Monologue-heavy leaders' debate won’t change B.C. election conversation

Let’s not kid ourselves: A party leaders’ debate is a debate in name only.

On a cynical level, it offers a ritualistic opportunity to recite talking points prepared by aides, to talk past each other when one senses the moderator loses control, to talk to the clan to make sure no one dislodges.

On a practical level, it offers free advertising of one’s brand to bring sizeable undecided or indifferent voters into your camp.

And on a visceral level, it offers the possibility of an inflection point to see someone’s campaign either come to life or shred and sputter.

But debate? Not really. Mostly the leaders are scripted ships sailing past each other in the night.

Like Tuesday, when there was precious little engagement in the election event, three socially distant silos onstage, mostly in monologue, detached from discussion. The civil and strict format likely didn’t help, and the leaders definitely didn’t. Their interruptions were brief and quickly chided.

Which is a shame, because in this pandemic campaign, this is the closest we will get to a whiff of them. The next time they see each other will probably be in the legislature sometime in late year.

The three leaders played it so safe they could give Dr. Bonnie Henry advice.

So much was at stake for BC Liberal leader Andrew Wilkinson, so much was at risk for NDP leader John Horgan, and so much was an opportunity for BC Greens leader Sonia Furstenau. Of the three, only she made much of the moment.

What little emotion there was, and it's not an extensive highlight reel, came when moderator Shachi Kurl asked what they had personally done to deal with their privileges as white political leaders with unconscious bias. You'd expect in 2020 for a politician to have something poignant in hand. Neither Horgan claiming he grew up “not seeing colour” (he later apologized) nor Wilkinson touting his early days as a doctor treating Indigenous patients addressed the question, but Furstenau displayed vulnerability, accepted her role in effecting change, and mourned the fears of mothers for their children at the hands of police.

“We’re not all equal. I wish we were," she said. "The three of us can’t fully reckon with that, because we’re white.”

It was her most powerful moment, a bit of an arrival even though she has been an MLA, and it helps explain why Horgan severed his coalition. After all, what could you hope to gain politically as the NDP leader in another year in the NDP-Green coalition if she were building her brand like she did Tuesday?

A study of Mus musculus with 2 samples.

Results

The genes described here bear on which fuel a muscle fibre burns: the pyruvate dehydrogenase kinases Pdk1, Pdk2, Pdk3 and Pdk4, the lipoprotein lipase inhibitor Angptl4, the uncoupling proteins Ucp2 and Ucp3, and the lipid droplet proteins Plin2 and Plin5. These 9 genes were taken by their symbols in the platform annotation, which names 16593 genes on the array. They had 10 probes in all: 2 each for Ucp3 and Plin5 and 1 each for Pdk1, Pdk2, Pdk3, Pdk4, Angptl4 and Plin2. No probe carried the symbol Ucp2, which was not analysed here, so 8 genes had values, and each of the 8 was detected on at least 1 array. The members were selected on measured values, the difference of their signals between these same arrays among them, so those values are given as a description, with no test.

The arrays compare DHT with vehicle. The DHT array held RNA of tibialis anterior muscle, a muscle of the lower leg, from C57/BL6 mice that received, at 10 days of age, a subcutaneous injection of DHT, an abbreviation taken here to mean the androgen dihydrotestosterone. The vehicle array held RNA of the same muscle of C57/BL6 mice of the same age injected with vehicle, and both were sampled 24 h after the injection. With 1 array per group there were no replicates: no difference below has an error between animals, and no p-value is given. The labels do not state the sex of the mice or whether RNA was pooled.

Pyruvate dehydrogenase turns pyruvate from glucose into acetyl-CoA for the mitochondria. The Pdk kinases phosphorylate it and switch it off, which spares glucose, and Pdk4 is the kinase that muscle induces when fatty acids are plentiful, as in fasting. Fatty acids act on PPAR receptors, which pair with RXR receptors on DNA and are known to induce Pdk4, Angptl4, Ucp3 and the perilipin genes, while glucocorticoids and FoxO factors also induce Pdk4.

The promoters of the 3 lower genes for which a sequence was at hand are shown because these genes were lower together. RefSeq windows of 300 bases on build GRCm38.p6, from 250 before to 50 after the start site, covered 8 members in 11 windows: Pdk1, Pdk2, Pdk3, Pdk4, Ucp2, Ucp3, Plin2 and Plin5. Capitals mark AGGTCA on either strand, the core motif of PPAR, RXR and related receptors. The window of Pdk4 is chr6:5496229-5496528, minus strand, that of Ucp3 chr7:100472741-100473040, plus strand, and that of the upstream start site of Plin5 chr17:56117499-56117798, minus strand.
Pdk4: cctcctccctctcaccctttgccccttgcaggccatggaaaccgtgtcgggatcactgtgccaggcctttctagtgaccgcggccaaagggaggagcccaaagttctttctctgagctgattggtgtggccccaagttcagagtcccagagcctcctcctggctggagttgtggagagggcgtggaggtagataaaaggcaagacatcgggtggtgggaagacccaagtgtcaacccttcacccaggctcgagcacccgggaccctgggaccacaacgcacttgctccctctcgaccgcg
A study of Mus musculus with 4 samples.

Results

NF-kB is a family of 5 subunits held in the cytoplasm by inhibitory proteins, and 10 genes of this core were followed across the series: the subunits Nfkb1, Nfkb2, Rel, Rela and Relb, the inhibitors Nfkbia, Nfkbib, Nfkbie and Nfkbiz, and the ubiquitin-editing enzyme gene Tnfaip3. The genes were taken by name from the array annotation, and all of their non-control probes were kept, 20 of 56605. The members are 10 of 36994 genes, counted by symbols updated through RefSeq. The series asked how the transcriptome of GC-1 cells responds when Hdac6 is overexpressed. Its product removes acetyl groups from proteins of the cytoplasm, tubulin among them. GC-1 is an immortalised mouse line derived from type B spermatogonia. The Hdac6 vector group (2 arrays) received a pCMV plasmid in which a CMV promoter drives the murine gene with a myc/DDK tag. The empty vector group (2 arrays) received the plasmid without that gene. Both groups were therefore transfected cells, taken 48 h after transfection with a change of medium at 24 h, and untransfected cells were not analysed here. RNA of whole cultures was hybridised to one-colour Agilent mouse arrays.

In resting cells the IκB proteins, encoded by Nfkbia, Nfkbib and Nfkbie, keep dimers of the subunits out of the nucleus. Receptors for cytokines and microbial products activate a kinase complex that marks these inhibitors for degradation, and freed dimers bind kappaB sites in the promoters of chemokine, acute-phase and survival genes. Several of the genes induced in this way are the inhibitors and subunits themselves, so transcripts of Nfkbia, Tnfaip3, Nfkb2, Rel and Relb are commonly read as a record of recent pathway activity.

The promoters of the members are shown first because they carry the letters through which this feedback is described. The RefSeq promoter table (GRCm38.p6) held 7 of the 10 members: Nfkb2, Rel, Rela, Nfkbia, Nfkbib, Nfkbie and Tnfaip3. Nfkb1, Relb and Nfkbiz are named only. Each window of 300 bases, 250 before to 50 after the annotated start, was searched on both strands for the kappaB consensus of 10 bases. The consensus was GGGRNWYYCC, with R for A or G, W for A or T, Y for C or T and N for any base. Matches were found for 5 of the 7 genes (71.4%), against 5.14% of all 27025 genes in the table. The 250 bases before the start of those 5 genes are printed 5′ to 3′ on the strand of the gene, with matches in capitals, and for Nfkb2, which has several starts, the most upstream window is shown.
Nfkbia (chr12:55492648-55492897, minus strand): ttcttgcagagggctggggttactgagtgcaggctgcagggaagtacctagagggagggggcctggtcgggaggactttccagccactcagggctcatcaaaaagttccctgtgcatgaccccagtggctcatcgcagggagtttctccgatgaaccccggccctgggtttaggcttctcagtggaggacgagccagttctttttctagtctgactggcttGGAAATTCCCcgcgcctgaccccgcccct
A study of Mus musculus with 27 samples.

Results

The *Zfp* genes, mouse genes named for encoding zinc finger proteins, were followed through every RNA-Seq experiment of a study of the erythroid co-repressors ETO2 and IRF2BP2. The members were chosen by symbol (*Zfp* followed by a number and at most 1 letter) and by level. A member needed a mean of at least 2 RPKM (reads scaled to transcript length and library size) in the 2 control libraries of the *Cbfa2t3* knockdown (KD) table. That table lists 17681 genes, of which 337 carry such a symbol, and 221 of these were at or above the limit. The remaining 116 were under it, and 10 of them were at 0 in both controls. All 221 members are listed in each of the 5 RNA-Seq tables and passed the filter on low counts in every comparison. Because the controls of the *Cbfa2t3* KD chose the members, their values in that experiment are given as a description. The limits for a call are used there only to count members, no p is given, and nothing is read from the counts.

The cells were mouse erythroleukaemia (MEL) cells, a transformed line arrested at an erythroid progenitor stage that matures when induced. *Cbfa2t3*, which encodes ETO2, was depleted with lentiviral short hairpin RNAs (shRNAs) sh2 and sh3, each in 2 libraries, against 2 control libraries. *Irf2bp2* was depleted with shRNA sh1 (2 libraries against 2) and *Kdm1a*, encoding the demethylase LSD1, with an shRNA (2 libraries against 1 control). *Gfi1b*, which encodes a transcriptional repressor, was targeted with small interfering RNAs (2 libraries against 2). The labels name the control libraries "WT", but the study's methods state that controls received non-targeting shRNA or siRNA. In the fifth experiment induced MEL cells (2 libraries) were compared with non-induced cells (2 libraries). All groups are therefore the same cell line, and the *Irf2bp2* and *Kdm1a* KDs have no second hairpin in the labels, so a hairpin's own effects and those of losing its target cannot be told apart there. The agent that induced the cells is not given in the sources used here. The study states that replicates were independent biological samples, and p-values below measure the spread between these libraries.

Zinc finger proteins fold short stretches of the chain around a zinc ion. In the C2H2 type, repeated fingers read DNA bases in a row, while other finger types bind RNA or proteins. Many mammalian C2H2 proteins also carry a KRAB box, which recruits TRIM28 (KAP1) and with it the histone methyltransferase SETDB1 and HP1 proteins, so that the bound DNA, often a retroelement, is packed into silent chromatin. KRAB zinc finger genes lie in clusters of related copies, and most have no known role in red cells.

She doesn’t have time by October 24 to build much upon what she presented Tuesday, and she will revert the party to largely that of a place to park a protest vote, but she was the best of the three in exceeding expectations. She took on Horgan as if they’d never been coalition partners.

These events are, after all, mostly about taking on the incumbent, and Horgan faced – but did not face down – the incessant critique from his rivals that his election call was “purely self-serving,” “looking out for himself,” and an unnecessary quelling of cross-party co-operation in the pandemic. He was at his least credible when he again trotted out a line you’d think had been shed weeks ago: “It’s not about us, it’s about British Columbians.”

He again contended that he “grappled” with the decision to call the election, even though it seems an entire campaign was ready at the press of a button, and said the policy disagreements on the stage were evidence it was necessary to “put politics behind us.” 

Perhaps he missed the point: he was the reason everyone was on that stage in the first place. They said it themselves: we should be working, not campaigning.

Wilkinson’s party won the 2017 popular vote and the most seats, but found itself upbraided by the coalition. He found himself a few times Tuesday having to defend records when he was not leader, not even an elected representative, which is a little like blaming Horgan for fast ferries. These exchanges are usually in the vein of: you created the problem, you failed to solve it repartee. He was able to note the scorecard on building hospitals in the last three decades: Liberals 14, NDP 0. He didn’t hurt himself the way Horgan did. But his penchant for restraint, lost only momentarily when talking about rising crime and housing costs, gave Horgan a much easier ride than the 2018 proportional representation, um, debate, when the premier didn’t know what hit him.

It is difficult to see how 90 minutes Tuesday will build anyone’s momentum, except perhaps Furstenau’s – and she has neither the time nor resources to make much of it now.

Kirk LaPointe is publisher and editor-in-chief of Business in Vancouver and vice-president, editorial, of Glacier Media.